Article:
According to a New York judge, two chimpanzees now have a right that until Monday was reserved for humans. The chimps, used in research at Stony Brook University, may never actually be released, but the court’s move represents a historic change in thinking about animal rights.
Here’s what happened: In December 2013, the Nonhuman Rights Project filed lawsuits in the New York Supreme Court on behalf of four privately owned chimpanzees, considered property in the eyes of the law. The lawsuits sought to have the chimps moved to Save the Chimps, a Florida sanctuary and, more importantly, asked that they be declared legal persons, not with full human rights but with a basic one: not to be owned and caged.
Since then, courts have heard the cases several times. Preliminary arguments have focused on whether a court could issue writs of habeas corpus calling upon the chimpanzees’ owners to justify their captivity. If they can’t justify it, the prisoners have to be released—a process set in motion Monday by Justice Barbara Jaffe. She issued the writs on behalf of Hercules and Leo, the Stony Brook chimps. It’s the first time habeas corpus, historically used to free slaves and people wrongly imprisoned, has ever been extended to a species other than Homo sapiens.
“It’s a breakthrough. The judge is implicitly saying that chimps are—or at least could be—persons,” says Steven Wise, an attorney and founder of the Nonhuman Rights Project.
Things haven’t gone as well for the chimps in the two other cases. In the case of Kiko, a chimp owned by a couple in Niagara Falls, appeals court judges in January told the Nonhuman Rights Project that habeas corpus didn’t apply because the Save the Chimps sanctuary is merely another kind of captivity. In the case of Tommy, a 26-year-old chimp kept in a warehouse in Gloversville, the appeals court concluded in December that rights are given only to individuals capable of fulfilling social obligations and responsibilities.
The decisions hint at the deep unease with which many people—not least judges reluctant to rock the legal boat—view the idea of legal rights for a nonhuman. Legal scholar Richard Cupp has argued that expanding personhood to include chimpanzees would cheapen human personhood. Others have worried that, if given to a chimpanzee, rights might be inconveniently extended to other animals, such as chickens or lab mice.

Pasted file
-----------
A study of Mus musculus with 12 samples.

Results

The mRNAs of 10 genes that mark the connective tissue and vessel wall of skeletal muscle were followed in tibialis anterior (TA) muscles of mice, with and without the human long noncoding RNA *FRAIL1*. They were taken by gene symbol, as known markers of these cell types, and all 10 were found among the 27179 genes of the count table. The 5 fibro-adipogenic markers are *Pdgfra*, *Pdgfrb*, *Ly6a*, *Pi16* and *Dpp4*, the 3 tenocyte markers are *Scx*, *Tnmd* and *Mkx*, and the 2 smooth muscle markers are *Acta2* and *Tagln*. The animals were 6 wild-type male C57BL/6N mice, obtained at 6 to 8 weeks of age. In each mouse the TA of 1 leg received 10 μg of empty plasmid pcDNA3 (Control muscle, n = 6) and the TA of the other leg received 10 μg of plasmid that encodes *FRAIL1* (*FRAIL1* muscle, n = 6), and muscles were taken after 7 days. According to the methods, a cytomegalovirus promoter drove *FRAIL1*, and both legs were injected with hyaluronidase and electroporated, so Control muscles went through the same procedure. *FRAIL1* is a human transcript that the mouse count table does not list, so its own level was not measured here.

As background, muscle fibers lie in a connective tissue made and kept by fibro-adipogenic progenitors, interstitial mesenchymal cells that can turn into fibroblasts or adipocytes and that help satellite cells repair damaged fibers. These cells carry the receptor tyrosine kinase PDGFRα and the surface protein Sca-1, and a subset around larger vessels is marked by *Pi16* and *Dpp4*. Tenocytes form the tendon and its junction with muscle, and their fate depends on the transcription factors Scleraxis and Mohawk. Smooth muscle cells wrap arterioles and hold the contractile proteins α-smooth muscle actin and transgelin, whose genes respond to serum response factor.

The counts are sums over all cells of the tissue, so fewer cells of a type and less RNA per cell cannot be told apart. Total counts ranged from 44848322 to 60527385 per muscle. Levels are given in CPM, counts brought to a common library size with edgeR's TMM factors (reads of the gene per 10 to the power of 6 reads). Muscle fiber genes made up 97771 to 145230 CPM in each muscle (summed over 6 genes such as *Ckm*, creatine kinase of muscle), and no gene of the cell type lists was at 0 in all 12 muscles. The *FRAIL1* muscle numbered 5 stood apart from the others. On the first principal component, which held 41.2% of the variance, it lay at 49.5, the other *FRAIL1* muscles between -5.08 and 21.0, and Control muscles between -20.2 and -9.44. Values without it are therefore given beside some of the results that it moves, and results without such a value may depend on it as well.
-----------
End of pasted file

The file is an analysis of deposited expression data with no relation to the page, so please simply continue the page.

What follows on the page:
Chimps, though, may deserve a special status. In affidavits in the Nonhuman Rights Project lawsuits, nine primatologists argued that chimpanzees are thoughtful, independent beings to whom freedom is likely as meaningful as it is to us. “Wow. Wow. Wow. This is incredible,” said Mary Lee Jensvold, a primatologist and former director of the Chimpanzee and Human Communication Institute, upon learning of Hercules and Leo’s habeas corpus. Jensvold filed one of the affidavits. “I didn’t think this would happen so soon. It takes so long for attitudes to change. It’s a great piece of news, just to know that a judge wants to hear the case.”
Hercules and Leo’s case was originally dismissed on a technicality, but the Nonhuman Rights Project refiled it last month. Now that the writ of habeas corpus has been issued, Stony Brook University—represented by the attorney general of New York—must appear in court May 6 and justify Hercules and Leo’s captivity. If the Nonhuman Rights Project wins, Hercules and Leo will go to Save the Chimps, and the door will open to further legal challenges to the captivity of chimpanzees—and perhaps other animals—in New York and other states with similar laws.Jo-Anne McArthur
“It’s a big step forward,” said Jonathan Lovvorn, senior litigator at the Humane Society of the United States. “Getting your day in court is always a victory.” Lovvorn cautioned that the habeas corpus may simply have been a procedural formality: perhaps Justice Jaffe granted them without truly believing that chimps can have rights. Yet it could also be argued, said Lovvorn, that simply issuing the writs—regardless of whatever decision ultimately is made—implicitly recognizes chimp personhood, since under New York law habeas corpus can only be given to a person. Even if the judge decides against Hercules and Leo, the precedent is set that a chimp is person enough to deserve a hearing.
At Stony Brook University, Hercules and Leo are used in studies of chimpanzee movement designed to investigate the evolution of human bipedalism. Little else is publicly known about their lives. Though presently kept at the university, they are reportedly owned by the New Iberia Research Center, a primate facility that has faced allegations of mistreating chimpanzees and illegally breeding them. While strict welfare guidelines regulate the treatment of federally-owned chimps, privately-owned chimps—such as those represented by the Nonhuman Rights Project—are governed by the whims of their owners. Chimp advocates say this patchwork of regulations underscores the need for legal rights.
While a victory would not give Hercules and Leo total freedom, life at Save the Chimps would be an improvement, says Jensvold. Chimps at the sanctuary live outdoors, in family groups—in keeping with chimpanzees’ social nature, say supporters of their transfer. But the people at the Nonhuman Rights Project see this victory in more philosophical terms. “They would no longer be confined against their will,” says Jensvold. “We’d be respecting their autonomy, their freedom, and allowing them to live their lives as chimpanzees who are as free as they can possibly be in North America.”